Figures show that the gender pay gap has dramatically narrowed, leaving young women marginally ahead of their male counterparts for the first time.
Female workers aged between 22 and 29 earn just over £10 per hour on average, while men in the same age bracket are paid just under £10, the study found.
Given that young women, on average, now have more education, are educated to a higher level and have better grades in their education than young men this really isn’t all that much of a surprise.
However, the really important thing is that the average age of prima gravidae has moved to just shy of 30. Thus all those things like maternity leave, career breaks, couple of years out of the labour force, deliberate choices about working hours and family life, these are extant only as echoes backwards in time.
“The gender pay gap may take another generation to close as the pay feeds through to the more senior workforce,” she said.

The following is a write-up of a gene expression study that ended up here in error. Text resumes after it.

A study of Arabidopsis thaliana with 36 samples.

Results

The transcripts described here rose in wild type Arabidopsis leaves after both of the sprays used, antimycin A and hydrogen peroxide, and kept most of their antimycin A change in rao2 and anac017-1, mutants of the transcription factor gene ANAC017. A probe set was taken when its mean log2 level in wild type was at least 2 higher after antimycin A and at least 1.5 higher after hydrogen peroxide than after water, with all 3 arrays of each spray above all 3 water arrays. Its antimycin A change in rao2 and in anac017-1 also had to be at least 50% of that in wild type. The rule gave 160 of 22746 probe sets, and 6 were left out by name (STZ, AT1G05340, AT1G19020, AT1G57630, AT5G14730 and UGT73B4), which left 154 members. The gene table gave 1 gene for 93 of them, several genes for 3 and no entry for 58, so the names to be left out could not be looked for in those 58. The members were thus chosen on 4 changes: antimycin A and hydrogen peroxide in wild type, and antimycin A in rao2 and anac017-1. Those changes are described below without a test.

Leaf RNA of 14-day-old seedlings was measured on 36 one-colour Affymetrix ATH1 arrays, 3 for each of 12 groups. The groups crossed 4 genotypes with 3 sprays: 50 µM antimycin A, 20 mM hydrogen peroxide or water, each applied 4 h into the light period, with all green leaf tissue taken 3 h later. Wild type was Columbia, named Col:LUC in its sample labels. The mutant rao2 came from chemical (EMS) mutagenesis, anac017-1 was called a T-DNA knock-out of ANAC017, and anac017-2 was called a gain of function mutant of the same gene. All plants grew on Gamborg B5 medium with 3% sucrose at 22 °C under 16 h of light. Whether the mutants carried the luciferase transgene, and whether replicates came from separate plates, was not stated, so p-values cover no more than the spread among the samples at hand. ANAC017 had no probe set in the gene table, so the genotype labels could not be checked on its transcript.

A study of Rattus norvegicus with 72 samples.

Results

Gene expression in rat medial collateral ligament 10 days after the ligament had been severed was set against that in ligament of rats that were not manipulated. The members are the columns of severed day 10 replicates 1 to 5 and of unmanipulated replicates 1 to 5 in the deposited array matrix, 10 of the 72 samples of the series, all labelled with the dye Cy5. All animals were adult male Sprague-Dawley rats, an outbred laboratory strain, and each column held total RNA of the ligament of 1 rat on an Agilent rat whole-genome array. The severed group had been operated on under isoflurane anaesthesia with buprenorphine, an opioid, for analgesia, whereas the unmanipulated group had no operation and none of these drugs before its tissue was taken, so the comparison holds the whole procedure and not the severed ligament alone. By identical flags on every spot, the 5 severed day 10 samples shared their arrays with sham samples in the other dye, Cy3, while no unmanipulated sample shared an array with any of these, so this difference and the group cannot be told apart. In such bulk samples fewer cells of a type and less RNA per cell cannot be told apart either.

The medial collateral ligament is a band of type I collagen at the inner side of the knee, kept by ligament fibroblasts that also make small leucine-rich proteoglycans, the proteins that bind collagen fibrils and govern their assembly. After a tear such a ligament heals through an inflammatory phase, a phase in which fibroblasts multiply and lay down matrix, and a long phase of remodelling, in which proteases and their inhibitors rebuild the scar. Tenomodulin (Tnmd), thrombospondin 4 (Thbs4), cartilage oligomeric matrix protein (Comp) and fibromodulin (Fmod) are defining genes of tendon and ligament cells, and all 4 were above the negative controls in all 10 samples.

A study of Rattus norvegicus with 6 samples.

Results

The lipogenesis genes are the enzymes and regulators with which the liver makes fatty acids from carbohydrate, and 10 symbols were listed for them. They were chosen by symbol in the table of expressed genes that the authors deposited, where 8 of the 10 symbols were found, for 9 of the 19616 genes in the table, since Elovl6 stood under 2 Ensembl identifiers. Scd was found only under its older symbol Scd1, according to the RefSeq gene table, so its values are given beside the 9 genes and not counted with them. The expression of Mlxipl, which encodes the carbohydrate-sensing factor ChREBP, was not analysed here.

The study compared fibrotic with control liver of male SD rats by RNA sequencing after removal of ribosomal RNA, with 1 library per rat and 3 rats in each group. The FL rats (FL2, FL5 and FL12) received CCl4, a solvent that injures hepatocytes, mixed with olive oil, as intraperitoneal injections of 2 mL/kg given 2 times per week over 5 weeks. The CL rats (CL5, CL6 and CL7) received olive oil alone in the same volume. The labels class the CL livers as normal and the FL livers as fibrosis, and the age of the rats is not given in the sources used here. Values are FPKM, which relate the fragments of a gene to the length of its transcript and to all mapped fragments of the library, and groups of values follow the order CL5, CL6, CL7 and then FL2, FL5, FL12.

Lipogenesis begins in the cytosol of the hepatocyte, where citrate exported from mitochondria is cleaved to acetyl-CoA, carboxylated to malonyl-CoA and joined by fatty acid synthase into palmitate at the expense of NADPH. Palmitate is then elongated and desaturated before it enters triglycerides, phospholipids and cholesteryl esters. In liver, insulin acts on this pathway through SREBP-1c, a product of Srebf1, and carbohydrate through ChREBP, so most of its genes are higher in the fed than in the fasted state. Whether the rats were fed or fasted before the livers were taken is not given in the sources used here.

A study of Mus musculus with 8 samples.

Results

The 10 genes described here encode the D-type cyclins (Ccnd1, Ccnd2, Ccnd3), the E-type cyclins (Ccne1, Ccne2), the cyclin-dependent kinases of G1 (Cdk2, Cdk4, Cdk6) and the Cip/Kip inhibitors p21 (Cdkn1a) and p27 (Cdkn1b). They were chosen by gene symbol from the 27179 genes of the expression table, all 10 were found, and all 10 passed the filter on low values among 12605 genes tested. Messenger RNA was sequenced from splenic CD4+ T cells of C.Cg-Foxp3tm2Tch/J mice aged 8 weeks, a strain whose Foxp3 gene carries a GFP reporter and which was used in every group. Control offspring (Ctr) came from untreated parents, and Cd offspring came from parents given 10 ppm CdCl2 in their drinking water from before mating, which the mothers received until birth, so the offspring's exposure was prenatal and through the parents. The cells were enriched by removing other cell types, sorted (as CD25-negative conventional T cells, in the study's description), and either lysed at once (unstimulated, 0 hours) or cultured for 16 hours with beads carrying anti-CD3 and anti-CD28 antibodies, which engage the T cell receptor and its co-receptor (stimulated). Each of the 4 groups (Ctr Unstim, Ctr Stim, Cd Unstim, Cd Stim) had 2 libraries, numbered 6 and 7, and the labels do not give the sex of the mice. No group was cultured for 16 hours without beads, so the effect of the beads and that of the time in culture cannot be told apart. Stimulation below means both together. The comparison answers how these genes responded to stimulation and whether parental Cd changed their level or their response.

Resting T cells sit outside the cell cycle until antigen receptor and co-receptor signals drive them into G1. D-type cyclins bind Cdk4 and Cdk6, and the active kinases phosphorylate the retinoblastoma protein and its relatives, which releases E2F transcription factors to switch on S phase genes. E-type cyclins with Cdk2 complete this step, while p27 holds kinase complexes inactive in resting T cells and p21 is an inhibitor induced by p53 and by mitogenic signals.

But that, I’m afraid, I don’t think is going to happen. For we’ve not actually got a gender pay gap. We’ve got a motherhood pay gap. And as long as it’s mothers that do the bulk of the child rearing (which I pretty much assume is going to remain the case. We are mammals after all) then that gap is going to remain.
I can see the pay gap disappearing for those who don’t take the time out: it’s already gone in fact, single never married women make a fraction more than men in the same age cohorts. I can see it shrinking to almost nothing for those who take only the time out for the stitches to heal. But I can’t actually see it disappearing altogether, on average across the population, while men and women with children continue to make different decisions (on average, of course) about who works flat out in the market and who works a bit in the market and bit/lot at home.
And I just don’t expect that difference in choices to disappear. For as I say, we are indeed mammals.